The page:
The link between the Maison Margiela haute couture collection and its ready-to-wear line continues to get stronger — even blend — in the hands of designer John Galliano. He has also proven himself to have a sense of humor that the founder probably would have deemed delightful. Seeing as both men seem to take pleasure in undercutting traditional norms and fashion tropes.
Galliano's theatrics this season saw him taking beautiful, slightly padded and roomy 1950s-style gowns and knee-length coats — which the models wore with pride — and revealing them to have a two-dimensional pattern painted into the back. Just imagine what a state a woman would be in if she realized that the chair or bench she had been sitting on was covered in fresh paint. Its contrasting imprint leaving an indelible pattern on her flowing silk skirt or satin coat. She could do one of two things, take it out of rotation in her wardrobe or perhaps, as Galliano would hope, sport it with pride like a wearable piece of art.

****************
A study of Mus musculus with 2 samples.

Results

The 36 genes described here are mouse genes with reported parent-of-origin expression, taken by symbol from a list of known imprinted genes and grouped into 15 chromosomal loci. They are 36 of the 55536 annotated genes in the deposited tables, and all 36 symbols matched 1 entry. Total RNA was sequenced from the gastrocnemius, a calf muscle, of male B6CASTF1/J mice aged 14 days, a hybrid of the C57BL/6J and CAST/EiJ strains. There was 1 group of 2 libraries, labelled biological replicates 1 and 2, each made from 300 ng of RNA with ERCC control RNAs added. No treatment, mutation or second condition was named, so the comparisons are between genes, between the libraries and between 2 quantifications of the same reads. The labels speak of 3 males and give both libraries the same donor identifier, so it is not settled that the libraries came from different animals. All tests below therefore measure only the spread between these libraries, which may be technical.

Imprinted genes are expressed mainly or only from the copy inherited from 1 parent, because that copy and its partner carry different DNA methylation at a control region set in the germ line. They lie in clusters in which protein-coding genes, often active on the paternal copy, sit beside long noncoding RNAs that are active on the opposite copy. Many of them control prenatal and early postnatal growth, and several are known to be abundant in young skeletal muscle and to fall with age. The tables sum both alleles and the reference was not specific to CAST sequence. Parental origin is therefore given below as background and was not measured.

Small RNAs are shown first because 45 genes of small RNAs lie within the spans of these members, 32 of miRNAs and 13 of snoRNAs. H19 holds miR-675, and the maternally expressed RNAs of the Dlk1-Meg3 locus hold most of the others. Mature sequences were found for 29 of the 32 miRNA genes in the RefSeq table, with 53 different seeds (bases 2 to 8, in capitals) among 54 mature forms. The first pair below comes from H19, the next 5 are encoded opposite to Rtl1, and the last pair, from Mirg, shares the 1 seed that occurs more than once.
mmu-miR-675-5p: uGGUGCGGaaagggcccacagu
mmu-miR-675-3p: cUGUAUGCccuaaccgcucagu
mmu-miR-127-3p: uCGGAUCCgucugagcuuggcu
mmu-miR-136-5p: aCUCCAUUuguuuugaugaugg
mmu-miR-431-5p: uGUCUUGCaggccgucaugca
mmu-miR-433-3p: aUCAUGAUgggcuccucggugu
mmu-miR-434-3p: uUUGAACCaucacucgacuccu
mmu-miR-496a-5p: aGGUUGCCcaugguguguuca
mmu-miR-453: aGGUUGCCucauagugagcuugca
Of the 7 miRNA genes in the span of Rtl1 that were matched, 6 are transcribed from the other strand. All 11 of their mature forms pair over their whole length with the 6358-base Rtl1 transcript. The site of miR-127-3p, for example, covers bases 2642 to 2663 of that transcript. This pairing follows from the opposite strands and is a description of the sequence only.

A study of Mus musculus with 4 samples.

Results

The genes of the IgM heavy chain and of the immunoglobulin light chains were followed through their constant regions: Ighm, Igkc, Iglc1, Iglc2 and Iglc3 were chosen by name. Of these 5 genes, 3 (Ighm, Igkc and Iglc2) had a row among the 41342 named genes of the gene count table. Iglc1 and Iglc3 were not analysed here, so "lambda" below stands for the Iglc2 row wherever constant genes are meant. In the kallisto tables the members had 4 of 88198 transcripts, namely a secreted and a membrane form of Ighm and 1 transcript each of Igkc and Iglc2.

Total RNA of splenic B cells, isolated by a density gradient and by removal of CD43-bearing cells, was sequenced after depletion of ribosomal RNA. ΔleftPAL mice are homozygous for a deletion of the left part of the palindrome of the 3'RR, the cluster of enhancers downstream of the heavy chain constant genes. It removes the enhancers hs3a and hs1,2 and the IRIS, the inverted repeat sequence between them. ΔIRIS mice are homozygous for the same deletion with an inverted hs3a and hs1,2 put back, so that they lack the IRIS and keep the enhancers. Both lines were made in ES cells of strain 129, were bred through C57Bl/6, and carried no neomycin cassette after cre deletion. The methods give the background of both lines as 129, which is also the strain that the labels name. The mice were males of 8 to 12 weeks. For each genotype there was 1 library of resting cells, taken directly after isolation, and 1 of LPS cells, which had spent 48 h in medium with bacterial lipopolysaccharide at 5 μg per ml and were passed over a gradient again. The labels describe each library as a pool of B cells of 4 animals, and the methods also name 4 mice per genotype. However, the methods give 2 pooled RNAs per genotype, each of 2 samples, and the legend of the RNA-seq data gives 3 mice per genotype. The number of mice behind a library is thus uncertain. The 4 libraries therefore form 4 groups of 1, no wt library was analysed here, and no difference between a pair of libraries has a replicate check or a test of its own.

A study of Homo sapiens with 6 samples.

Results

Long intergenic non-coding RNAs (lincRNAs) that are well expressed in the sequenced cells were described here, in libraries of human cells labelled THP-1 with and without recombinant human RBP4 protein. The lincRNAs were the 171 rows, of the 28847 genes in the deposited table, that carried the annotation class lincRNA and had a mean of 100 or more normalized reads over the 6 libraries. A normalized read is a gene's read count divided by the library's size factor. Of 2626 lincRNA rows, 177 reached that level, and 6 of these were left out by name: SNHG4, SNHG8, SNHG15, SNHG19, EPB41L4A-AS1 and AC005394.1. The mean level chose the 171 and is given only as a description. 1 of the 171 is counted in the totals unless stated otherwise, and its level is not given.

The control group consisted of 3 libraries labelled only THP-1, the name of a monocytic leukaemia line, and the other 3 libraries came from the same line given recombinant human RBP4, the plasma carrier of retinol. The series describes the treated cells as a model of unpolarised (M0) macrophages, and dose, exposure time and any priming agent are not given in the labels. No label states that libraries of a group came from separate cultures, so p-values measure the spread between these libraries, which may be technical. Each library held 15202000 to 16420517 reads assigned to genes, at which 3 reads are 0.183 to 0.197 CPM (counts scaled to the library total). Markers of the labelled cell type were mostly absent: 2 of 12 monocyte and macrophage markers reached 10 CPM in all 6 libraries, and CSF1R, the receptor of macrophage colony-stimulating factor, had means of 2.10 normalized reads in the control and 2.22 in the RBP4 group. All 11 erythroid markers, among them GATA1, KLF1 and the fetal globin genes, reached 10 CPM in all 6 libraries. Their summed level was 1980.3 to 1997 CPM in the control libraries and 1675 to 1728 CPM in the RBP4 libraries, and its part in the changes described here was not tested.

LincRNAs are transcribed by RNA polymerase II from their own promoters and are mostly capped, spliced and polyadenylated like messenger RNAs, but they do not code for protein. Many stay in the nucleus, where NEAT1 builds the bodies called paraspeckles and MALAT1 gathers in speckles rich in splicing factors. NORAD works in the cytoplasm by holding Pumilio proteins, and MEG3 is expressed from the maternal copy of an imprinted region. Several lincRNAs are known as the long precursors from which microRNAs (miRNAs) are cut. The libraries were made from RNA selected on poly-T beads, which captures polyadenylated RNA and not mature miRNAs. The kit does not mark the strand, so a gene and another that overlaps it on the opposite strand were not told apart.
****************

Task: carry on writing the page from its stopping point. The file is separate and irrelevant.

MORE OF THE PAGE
Finding beauty in unexpected places is a hallmark element of the Margiela label. That is why a dress crafted from broken bits of mirror with an overlay to dilute a reflection or a flower-printed brocade skirt with the blooms half cut out and flapping free looked right at home here. Galliano too seems completely in his element.
When things got to the edge of overdone, the designer would rein it all back and send out a perfectly tailored two-button suit. Albeit one cut in Granny Smith green. Just to prove he could do standard fare, but only on his terms.
The second half of the show looked East for inspiration as traditional Geisha garb was transformed by Galliano into something stiffer and more structured than the original silk Kimonos. Where purses replaced obi bows, and kitten heels with pronounced posteriors were worn instead of traditional geta sandals. The result was oddly lovely and completely apart from anything else currently happening in fashion.
A place Galliano looks like he is enjoying very much.